Passed by Congress December 9, 1803. Ratified June 15, 1804. The 12th Amendment changed a portion of Article II, Section 1. A portion of the 12th Amendment was changed by the 20th Amendment.
The Electors shall meet in their respective states and vote by ballot for President and Vice-President, one of whom, at least, shall not be an inhabitant of the same state with themselves; they shall name in their ballots the person voted for as President, and in distinct ballots the person voted for as Vice-President, and they shall make distinct lists of all persons voted for as President, and of all persons voted for as Vice-President, and of the number of votes for each, which lists they shall sign and certify, and transmit sealed to the seat of the government of the United States, directed to the President of the Senate; -- The President of the Senate shall, in the presence of the Senate and House of Representatives, open all the certificates and the votes shall then be counted; -- The person having the greatest number of votes for President, shall be the President, if such number be a majority of the whole number of Electors appointed; and if no person have such majority, then from the persons having the highest numbers not exceeding three on the list of those voted for as President, the House of Representatives shall choose immediately, by ballot, the President. But in choosing the President, the votes shall be taken by states, the representation from each state having one vote; a quorum for this purpose shall consist of a member or members from two-thirds of the states, and a majority of all the states shall be necessary to a choice. And if the House of Representatives shall not choose a President whenever the right of choice shall devolve upon them, before the fourth day of March next following, then the Vice-President shall act as President, as in case of the death or other constitutional disability of the President.-- The person having the greatest number of votes as Vice-President, shall be the Vice-President, if such number be a majority of the whole number of Electors appointed, and if no person have a majority, then from the two highest numbers on the list, the Senate shall choose the Vice-President; a quorum for the purpose shall consist of two-thirds of the whole number of Senators, and a majority of the whole number shall be necessary to a choice. But no person constitutionally ineligible to the office of President shall be eligible to that of Vice-President of the United States.
Approved by Congress on December 9, 1803, and ratified by the states on June 15, 1804, the Twelfth Amendment modifies the way the Electoral College chooses the presidentand vice president. Article II, Section 1 of the Constitution, which established the Electoral College, provided that each state appoint electors equal to the total number of House and Senate members in their state and that the electors shall vote for two persons.
The presidential candidate who received the most electoral votes won the presidency; the runner-up became the vice president. In 1796, this meant that the president and the vice president were from different parties and had different political views, making governance more difficult. The adoption of Amendment XII solved this problem by allowing each party to nominate their team for president and vice president.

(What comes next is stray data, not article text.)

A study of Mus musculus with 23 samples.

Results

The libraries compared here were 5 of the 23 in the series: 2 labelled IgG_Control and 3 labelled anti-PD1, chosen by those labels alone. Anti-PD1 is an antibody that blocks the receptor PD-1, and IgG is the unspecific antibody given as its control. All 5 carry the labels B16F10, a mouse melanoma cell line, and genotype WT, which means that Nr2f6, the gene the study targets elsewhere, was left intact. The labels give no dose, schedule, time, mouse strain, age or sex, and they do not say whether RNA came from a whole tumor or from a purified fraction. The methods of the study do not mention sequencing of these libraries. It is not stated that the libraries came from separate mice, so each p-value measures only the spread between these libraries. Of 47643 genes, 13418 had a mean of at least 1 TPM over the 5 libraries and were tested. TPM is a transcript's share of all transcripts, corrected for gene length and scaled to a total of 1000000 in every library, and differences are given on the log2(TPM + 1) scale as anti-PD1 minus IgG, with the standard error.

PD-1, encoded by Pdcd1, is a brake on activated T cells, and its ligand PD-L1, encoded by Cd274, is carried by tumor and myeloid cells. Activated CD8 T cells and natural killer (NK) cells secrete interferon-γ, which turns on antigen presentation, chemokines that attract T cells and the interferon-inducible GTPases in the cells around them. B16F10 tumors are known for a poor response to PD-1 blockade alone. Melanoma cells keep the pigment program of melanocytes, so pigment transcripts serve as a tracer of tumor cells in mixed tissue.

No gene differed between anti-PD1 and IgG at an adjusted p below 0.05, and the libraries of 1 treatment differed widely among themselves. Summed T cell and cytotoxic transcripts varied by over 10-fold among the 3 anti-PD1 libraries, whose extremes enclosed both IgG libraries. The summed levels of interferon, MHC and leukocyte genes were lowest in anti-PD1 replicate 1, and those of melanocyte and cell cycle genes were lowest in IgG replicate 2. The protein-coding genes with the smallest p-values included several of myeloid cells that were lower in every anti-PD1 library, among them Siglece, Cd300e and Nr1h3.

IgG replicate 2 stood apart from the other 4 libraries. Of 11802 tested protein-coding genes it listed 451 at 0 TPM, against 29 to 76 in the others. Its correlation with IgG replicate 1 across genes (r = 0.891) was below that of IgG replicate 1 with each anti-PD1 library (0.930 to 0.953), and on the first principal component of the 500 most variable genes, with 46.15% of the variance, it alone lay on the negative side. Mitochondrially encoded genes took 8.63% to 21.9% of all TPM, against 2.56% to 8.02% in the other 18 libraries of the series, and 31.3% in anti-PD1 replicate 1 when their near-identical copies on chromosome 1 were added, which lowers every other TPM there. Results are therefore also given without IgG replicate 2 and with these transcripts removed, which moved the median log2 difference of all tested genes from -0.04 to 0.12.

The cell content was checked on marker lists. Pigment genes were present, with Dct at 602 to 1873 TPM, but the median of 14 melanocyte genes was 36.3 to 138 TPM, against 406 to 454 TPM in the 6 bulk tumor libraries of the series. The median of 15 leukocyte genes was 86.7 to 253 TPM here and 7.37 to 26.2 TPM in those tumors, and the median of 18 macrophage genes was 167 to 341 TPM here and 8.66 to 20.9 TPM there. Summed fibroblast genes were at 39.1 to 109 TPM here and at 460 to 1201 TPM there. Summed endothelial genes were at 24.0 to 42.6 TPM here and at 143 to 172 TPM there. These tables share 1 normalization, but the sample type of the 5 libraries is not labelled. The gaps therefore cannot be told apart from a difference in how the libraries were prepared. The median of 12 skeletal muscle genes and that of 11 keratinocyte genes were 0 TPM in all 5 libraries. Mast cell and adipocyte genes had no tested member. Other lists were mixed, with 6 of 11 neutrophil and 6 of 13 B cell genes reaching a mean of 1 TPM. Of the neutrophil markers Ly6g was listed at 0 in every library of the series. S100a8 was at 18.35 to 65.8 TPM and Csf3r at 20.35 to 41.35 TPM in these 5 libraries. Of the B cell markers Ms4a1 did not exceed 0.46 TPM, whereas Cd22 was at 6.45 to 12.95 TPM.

The inhabitant clause of the Twelfth Amendment also suggests strongly that the president and vice president should not be from the same state. Although the provision does not directly disqualify a vice president who is from the same state as the president, the provision disqualifies the electors from that state from voting for both offices.
Prior to the 2000 election, both presidential candidate George W. Bush and vice presidential candidate Dick Cheney lived in and voted in Texas. To avoid problems with the inhabitant clause, Cheney registered to vote in Wyoming, where he previously lived.
The Twelfth Amendment also specifies how the president and vice president are to be selected should neither candidate obtain the votes of a majority of the electors: the House of Representatives selects the new president from the top three candidates. This is a slight variation from the original provision, which allowed the choice from among the top five candidates. However, the vote within the House is by state, not by representative. This gives equal weight to all states—the smaller, less populated states as well as the larger, more populated ones—and makes it more likely that the ultimate winner may not be the candidate who obtains the majority of the popular vote.
Lastly, this amendment extends the eligibility requirements to become president (the candidate must be a natural born citizen, must be at least thirty-five years old, and must have been a resident of the United States for fourteen years) to the vice president since no person who is constitutionally ineligible to be president can be vice president.
Linda R. Monk, J.D., is a constitutional scholar, journalist, and nationally award-winning author. A graduate of Harvard Law School, she twice received the American Bar Association’s Silver Gavel Award, its highest honor for law-related media. Her books include The Words We Live By: Your Annotated Guide to the Constitution, Ordinary Americans: U.S. History Through the Eyes of Everyday People, and The Bill of Rights: A User’s Guide. For more than 25 years, Dr. Monk has written commentary for newspapers nationwide, including the New York Times, Washington Post, Los Angeles Times, Chicago Tribune, Miami Herald, and Huffington Post. In addition, she has appeared on MSNBC, C-SPAN, and NPR.